The SOLIDWORKS community is home to all different types of users who create the products that make our world go round. We have users who create machinery, high tech devices, consumer products, and much, much more.
As the world evolves, our users adapt. They change their products, along their ways of doing things, in order to keep up with the tides of innovation that come over time.
Preparing individuals to enter the ever-changing workforce is the mission of our colleges and universities around the world – to prepare their students to contribute to and keep up with these changes. One school that aims to do this in a relatively progressive manner is Full Sail University.
Full Sail University has a program called the Simulation & Visualization program. It provides students access to SOLIDWORKS, as well as other tools, to give students experience “with the programming and critical-thinking skills needed to study and design virtual systems.”
One student working towards earning his B.S. in this program is Jaime Soto. Jaime is a student from Colombia who’s currently studying in Florida. I’ve gotten to know him over the past couple months as he’s worked to complete his finals project for the year.
The project? To build a miniature Stewart platform and pair it with Unity, a widely-used development platform enabling 3D visualizations, to make a gaming experience featuring the use of physical controllers. As part of the project, the platform would serve to practically mimic the input fed to Unity by the controllers (like the thrusters).
On a call with Jaime, he explained the process in detail:
Now, if you’re unfamiliar with what a Stewart platform is, our friend Wikipedia offers a succinct definition. It’s “a type of parallel manipulator that has six prismatic actuators, commonly hydraulic jacks or electric linear actuators, attached in pairs to three positions on the platform’s baseplate, crossing over to three mounting points on a top plate.”
But who are we kidding? We are SOLIDWORKS! We’re visual learners. And we’re writing an article about Jaime. Let’s take an even closer look at how he put this thing together, piece by piece.
From a mechanics standpoint, how did he get here?
Anyone who uses SOLIDWORKS knows of its ability to perform powerful design automations. Testing kinematic motion before part production, as he told me, was core to the build process for Jaime’s platform.
Using SOLIDWORKS, he was able to discern “what the movement of the top platform needs to look like for each degree of freedom.”
For the physical platform, Jaime had acrylic and plastic parts made. He created these using a couple different methods, including laser cutting and 3D printing. “The middle plate was laser cut,” Jaime said. “It included some slots for the servo wires to go through.”
“We needed everything to fit perfectly.”
Once he got the acrylic and plastic parts put assembled together, it was time to integrate the circuit board. For that, he utilized an Arduino Pro Mini. “The Arduino Pro Mini sits on a custom cut circuit board alongside a power plug and some pins for the servos on the bottom side,” Jaime explained.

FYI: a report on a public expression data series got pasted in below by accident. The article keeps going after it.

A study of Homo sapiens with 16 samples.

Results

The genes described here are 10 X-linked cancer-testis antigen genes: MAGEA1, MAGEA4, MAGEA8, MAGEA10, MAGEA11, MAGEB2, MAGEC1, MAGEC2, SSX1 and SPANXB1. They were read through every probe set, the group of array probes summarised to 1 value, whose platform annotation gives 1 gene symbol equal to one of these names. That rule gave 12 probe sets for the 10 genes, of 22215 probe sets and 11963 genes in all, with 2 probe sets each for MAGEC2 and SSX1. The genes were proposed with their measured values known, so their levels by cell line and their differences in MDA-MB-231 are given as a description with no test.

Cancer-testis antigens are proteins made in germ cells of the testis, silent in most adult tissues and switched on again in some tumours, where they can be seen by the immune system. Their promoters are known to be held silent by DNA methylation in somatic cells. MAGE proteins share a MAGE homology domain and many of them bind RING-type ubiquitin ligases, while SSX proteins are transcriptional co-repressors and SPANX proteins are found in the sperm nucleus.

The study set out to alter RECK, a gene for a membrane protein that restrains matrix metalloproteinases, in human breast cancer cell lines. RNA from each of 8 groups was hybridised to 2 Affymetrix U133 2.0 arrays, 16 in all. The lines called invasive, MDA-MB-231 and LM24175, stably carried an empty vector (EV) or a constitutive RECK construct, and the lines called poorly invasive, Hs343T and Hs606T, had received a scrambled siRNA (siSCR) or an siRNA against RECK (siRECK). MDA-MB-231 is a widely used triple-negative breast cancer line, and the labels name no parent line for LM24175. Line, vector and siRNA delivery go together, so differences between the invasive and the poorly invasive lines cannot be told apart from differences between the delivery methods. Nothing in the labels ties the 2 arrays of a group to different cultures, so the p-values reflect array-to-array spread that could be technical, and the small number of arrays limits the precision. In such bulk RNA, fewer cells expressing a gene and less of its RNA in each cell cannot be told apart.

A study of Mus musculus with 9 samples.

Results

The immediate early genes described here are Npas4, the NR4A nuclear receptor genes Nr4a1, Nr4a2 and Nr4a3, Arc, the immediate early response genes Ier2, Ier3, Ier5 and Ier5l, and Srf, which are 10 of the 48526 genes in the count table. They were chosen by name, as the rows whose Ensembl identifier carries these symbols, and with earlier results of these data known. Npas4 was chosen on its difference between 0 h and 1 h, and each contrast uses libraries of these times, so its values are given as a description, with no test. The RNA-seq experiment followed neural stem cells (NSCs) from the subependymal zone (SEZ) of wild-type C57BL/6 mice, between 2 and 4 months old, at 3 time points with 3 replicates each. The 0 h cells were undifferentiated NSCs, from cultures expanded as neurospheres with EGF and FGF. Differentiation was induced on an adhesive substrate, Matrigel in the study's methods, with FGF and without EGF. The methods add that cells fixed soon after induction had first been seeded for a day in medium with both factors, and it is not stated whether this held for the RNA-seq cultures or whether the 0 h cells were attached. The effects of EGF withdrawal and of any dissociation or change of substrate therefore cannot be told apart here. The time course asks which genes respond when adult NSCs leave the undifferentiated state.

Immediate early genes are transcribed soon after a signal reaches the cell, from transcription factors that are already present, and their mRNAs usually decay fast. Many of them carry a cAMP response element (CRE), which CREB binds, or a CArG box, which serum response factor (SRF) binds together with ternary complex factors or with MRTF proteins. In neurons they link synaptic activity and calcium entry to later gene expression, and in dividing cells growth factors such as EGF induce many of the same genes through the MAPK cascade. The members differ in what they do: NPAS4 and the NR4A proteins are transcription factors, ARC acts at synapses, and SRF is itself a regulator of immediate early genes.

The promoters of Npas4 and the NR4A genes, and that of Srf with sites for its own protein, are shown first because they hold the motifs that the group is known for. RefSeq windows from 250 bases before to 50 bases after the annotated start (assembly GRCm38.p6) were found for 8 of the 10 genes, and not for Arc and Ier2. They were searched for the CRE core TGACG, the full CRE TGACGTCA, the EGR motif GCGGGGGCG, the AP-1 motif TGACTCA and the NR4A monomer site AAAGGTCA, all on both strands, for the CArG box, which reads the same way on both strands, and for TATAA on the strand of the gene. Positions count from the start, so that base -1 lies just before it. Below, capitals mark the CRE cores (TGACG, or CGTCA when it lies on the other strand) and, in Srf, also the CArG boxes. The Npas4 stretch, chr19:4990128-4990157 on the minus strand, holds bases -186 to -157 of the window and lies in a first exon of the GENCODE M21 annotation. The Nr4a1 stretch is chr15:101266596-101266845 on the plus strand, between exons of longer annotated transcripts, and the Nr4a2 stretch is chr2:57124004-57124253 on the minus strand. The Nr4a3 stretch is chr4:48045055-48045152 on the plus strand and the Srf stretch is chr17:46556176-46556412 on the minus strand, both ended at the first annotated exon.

In terms of programming the actual movement planned in SOLIDWORKS, he “needed to move the servos to match” the calculations they’d come up with.
“It took some tweaking and testing, but we finally got the platform dancing through all six degrees of freedom,” Jaime intimated.
It’s important to remember the goal of making this platform — and it hallmarks a unique benefit of the program Full Sail offers. With this project, Jaime got to leverage skills in part creation, using circuit boards, and 3D visualization to make a remote-controlled, enjoyable graphical experience.
Next up: He mounted a model of a miniature SpaceX Tesla Roadster onto the platform, and incorporated custom, physical controls.
“For the controllers, I went ahead and made some thruster controls that fit a potentiometer and screwed them onto a piece of wood,” Jaime explained. “The potentiometers are connected to the Arduino Pro Mini which then sends information to Unity.”
Exploring the full integration of the system further, Jaime went on: “As the Arduino sends information to Unity, it is also receiving information and adjusting its position to match what you would feel if you were in the car.”
“To fly the car, you have 3 thrusters controlled by each lever. One on each side of the car (left, right) and one at the end (pitch).”
Jaime continued: “I added some neat particle trails to each thruster and created two scenarios – a ‘sandbox’ where you fly around space and just play around with the controllers and particles, and a challenge scenario where you have to pilot the car through checkpoints in a set amount of time.”
As Full Sail states, the goal of their Simulation & Visualization program is to prepare its students to become part of a community of engineers who will “provide vital solutions necessary for growth across a variety of disciplines.”
The usage cases for 3D visualization technology will only continue to evolve, with individuals like Jaime working hard to set themselves up as leaders for the future in this growing field.